Understanding the molecular mechanisms of intellectual disability
This research project explores the molecular mechanisms of intellectual disability
Mutations in IQSEC2 lead to substantial limitation in intellectual functioning and adaptive behaviour in children, including speech disturbances, autistic traits and seizures.
To better investigate the role of this gene, we have generated a novel mouse modelling the complete knockout (KO) of IQSEC2; which presents with frequent and recurrent seizures. Hippocampal neurons extracted from IQSEC2-KO embryos grown in culture display a morphological phenotype when compared to their healthy wild-type (WT) counterparts.
This project will use this resource to investigate the role IQSEC2 and synaptic morphology and plasticity on the orchestration of the complex architecture required for ‘normal’ cognition.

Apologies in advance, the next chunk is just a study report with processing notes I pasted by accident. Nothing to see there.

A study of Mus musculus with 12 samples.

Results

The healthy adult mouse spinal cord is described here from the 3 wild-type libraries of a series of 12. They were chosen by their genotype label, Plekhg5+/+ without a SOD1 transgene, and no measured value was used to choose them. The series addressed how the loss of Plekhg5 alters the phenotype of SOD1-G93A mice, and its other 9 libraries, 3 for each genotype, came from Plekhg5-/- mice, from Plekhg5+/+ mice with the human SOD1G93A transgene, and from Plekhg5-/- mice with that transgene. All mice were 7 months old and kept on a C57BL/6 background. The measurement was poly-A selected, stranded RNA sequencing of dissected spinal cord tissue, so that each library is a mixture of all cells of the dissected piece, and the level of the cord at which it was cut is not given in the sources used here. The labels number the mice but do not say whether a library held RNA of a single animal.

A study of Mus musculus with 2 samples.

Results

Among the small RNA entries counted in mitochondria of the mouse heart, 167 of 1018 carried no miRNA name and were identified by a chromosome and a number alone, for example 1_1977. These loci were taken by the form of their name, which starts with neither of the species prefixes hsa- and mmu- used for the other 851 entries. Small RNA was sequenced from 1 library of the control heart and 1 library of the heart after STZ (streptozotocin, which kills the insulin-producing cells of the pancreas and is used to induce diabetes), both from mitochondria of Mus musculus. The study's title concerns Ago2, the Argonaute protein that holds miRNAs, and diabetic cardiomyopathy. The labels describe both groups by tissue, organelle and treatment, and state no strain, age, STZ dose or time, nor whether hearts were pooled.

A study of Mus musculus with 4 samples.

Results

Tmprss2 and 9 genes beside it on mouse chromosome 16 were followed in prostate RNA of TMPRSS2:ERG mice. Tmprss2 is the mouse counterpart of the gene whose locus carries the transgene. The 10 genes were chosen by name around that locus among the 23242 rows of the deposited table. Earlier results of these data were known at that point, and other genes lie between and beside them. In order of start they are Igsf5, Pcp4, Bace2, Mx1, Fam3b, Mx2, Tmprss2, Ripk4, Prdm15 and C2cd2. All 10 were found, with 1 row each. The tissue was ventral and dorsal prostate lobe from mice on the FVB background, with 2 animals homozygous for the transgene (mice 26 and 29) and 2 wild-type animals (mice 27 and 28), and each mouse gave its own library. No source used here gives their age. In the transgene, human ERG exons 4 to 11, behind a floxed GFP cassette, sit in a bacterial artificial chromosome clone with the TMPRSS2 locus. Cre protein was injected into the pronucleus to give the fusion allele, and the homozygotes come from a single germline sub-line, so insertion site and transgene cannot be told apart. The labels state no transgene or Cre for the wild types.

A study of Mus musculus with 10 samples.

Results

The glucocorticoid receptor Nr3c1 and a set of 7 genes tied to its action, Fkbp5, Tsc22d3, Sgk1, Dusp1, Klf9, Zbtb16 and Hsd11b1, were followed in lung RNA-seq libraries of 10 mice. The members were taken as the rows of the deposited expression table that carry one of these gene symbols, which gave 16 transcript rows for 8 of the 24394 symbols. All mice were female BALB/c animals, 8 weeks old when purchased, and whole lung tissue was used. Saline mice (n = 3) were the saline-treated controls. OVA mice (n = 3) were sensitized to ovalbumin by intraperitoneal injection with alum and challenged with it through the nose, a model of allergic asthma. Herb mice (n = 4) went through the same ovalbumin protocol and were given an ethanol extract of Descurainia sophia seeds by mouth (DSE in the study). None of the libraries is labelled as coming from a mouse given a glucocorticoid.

Intellectual disability research
Our research seeks to understand human brain function through the identification of genes and characterisation of naturally occurring mutations implicated in various disorders of the brain.
Intellectual disability describes significantly impaired cognitive functioning coupled with a deficit in adaptive behaviour with onset before age of 18, with as many as 1 in every 50 people in the world affected. There is a high co-morbidity of seizures with intellectual disability.
Our research focuses on understanding the genetic causes of intellectual disability and seizures with an aim to provide a basis for rationale development of therapies.
Whether you're still at high school or planning to join us mid-year, taking a break from study or rethinking your career path, come chat with us at our STEM Careers Night.
You and your parents are invited to join us on campus on Tuesday 18 May 2021 to see what’s available in the world of STEM.